Major publication from Alejandra Pascual-Garrido and Katarina Almeida-Warren: Archaeology of the Perishable
Congratulations to Lab members Alejandra Pascual-Garrido and Katarina Almeida-Warren on the publication of Archaeology of the Perishable: Ecological Constraints and Cultural Variants in Chimpanzee Termite Fishing. Published in Current Anthropology, this milestone comparative piece on the newly emerging archaeology of the perishable reports on the application of archaeological methods to investigate raw material procurement for termite-fishing tools by three chimpanzee (Pan troglodytes schweinfurthii) populations in Tanzania: Gombe, Issa, and Mahale. With Archaeology of the Perishable, Pascual-Garrido and Almeida-Warren provide a new framework for reconstructing previously overlooked aspects of hominin behaviour, shedding light on the origins of technology and advancing the field beyond the current lithic bias to provide a more holistic approach to the study of technological origins. With commentaries from a number of senior researchers in the field, including our Lab Head Susana Carvalho, the article makes significant contributions and marks an exciting new avenue for further research.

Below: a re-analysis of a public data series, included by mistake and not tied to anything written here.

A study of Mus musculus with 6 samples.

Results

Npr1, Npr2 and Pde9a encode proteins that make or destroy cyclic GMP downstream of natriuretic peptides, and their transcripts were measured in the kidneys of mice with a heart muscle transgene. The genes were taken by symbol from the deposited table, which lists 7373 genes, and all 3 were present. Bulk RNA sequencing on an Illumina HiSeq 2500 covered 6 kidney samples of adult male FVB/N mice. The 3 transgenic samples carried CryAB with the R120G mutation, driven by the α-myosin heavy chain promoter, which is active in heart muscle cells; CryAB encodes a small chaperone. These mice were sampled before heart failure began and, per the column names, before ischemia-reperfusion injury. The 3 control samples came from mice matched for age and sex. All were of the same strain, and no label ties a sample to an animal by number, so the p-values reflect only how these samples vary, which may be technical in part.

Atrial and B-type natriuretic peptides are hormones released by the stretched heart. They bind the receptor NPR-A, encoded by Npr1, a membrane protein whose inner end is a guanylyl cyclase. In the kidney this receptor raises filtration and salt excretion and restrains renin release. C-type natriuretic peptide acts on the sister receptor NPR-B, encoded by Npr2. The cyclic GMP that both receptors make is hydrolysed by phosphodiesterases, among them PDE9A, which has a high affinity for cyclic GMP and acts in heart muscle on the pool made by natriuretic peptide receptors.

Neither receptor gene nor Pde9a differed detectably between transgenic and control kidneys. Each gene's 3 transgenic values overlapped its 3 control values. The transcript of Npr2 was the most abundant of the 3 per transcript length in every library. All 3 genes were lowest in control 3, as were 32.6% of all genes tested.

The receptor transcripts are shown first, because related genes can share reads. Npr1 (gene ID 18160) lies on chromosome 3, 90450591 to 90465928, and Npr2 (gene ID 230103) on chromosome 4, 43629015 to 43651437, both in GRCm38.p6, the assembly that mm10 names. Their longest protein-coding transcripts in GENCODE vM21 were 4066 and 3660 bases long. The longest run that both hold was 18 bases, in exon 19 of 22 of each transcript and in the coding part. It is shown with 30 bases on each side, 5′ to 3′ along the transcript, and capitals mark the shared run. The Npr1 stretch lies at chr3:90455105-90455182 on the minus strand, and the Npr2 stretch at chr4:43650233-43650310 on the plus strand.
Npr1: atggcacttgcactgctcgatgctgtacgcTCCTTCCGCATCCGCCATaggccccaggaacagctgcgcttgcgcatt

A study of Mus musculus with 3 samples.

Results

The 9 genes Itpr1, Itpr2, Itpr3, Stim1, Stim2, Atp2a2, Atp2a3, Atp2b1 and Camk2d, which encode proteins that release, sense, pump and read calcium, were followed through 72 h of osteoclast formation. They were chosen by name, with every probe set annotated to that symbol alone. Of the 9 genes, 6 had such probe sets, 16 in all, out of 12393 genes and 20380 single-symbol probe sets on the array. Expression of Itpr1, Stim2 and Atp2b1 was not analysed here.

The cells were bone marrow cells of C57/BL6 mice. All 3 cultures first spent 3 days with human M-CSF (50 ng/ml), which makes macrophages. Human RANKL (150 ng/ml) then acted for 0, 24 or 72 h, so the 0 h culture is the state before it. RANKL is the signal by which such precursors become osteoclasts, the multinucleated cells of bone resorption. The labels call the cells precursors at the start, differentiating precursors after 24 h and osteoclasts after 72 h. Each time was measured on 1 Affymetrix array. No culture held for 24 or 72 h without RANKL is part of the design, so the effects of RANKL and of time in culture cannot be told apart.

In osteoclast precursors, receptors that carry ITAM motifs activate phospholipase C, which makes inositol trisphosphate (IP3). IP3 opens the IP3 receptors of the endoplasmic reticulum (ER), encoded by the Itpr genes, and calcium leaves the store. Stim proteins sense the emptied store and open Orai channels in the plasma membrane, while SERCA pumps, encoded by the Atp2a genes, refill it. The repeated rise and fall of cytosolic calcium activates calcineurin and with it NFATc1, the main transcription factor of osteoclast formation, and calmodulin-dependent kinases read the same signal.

Raw material sourcing for termite-fishing tools by wild chimpanzees: 1. Tool material sourcing from the source plant; 2. Raw material transport to the tool-use site (termite mound); 3. Tool manufacture and use; 4. Removal scars on source plants after chimpanzee tool material extraction (left: bark removal; right: twig removal). Illustration by Luis da Silva, published in Pascual-Garrido & Almeida-Warren (2021) and shared with permission from the authors
Katarina Almeida-Warren has shared an informative thread on Twitter which provides a great summary of the article - click the below Tweet to view the full thread on Twitter:
— Katarina Almeida-Warren (@KatarinaWarren) May 4, 2021
Citation: Pascual-Garrido & Almeida-Warren. 2021. Archaeology of the Perishable: Ecological Constraints and Cultural Variants in Chimpanzee Termite Fishing. Current Anthropology. https://doi.org/10.1086/713766.